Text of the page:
The objective of the course is to provide useful information to better understand pathophisiology of wild animals with a special focus on the causes of diseases and on some peculiar conditions such as antropic stress, capture, starvation and hybernation. The course is also aimed to deepen the possible use of laboratory tests for monitoring wild animal.
Expected learning outcomes
At the end of the course the student should know the aspects that may predispose to the onset of diseases in wild animals, mainly in some peculiar physiologic conditions, and should know how these disease could be monitored using a laboratory approach.
Lesson period: Second semester
(In case of multiple editions, please check the period, as it may vary)
General etiology with particular interest for wild animals: Effects of temperature, traumatic lesions, chemicals, alimentary, parasites, bacteria, viruses, ereditary causes (4 h) Stress: definition and pathogenesis , acute and chronic stress, freezing behaviour, antropic stress (4h) Capture, methods and effects on metabolism, shock, capture myopaty (2h) Starvation (2h) Termoregulation and hybernation. Pathophysiology and related diseases (2h) Use of laboratory tests in wild animals. Preanalytical biases, differences among species, seasons, functional perido in major laboratory tests. (2h)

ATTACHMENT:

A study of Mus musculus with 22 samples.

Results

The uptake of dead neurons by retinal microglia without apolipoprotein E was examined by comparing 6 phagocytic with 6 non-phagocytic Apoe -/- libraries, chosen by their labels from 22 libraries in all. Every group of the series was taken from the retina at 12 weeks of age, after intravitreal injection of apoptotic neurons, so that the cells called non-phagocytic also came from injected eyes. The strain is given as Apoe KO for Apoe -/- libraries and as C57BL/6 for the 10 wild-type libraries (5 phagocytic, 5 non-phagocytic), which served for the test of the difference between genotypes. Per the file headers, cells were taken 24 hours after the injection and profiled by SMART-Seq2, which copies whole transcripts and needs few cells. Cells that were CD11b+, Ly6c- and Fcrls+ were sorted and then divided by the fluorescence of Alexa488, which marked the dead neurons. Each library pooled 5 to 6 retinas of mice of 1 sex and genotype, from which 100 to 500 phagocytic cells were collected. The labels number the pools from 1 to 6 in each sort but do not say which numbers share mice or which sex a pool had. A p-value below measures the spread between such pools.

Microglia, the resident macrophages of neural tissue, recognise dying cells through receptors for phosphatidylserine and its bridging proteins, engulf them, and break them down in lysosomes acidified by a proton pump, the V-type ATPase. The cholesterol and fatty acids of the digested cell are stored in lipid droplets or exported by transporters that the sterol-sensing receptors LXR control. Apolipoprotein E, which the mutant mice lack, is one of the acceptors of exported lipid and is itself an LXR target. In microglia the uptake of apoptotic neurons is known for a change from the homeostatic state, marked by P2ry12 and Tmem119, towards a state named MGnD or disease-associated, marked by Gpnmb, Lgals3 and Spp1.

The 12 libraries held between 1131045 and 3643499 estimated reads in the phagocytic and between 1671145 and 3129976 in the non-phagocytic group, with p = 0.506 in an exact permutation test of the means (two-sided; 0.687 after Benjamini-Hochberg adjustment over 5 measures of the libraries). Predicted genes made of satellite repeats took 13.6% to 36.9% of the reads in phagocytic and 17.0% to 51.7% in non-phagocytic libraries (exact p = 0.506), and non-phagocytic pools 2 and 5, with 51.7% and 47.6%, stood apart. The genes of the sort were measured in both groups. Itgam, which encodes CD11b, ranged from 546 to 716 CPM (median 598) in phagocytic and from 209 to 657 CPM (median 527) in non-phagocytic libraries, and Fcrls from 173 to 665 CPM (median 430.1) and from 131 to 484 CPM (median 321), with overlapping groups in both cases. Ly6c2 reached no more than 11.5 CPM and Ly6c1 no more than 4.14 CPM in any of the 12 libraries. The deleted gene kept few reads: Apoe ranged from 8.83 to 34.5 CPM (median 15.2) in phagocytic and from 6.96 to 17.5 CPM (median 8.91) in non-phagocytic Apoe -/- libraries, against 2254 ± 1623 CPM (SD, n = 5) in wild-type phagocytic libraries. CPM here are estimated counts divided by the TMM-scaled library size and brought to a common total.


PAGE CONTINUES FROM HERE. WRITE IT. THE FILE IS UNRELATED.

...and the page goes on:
Prerequisites for admission
Students should have fundamentals of comparative general pathology, pathophysiology and infectious diseases
The course is composed by some theoric lectures on topics of pathophysiology of wild animals, some laboratory experiences mainly focused on the possible use of laboratory tests for monitoring wild animlas and some didactic in field experiences to deepen what learned in theory
Slides projected during lectures and some articles useful for personal reading will be provided
Assessement methods and criteria
The evaluation of learning consists in a written exam composed by short answers in which the skill of facing issues about pathophysiology of domestic animals will be evaluated.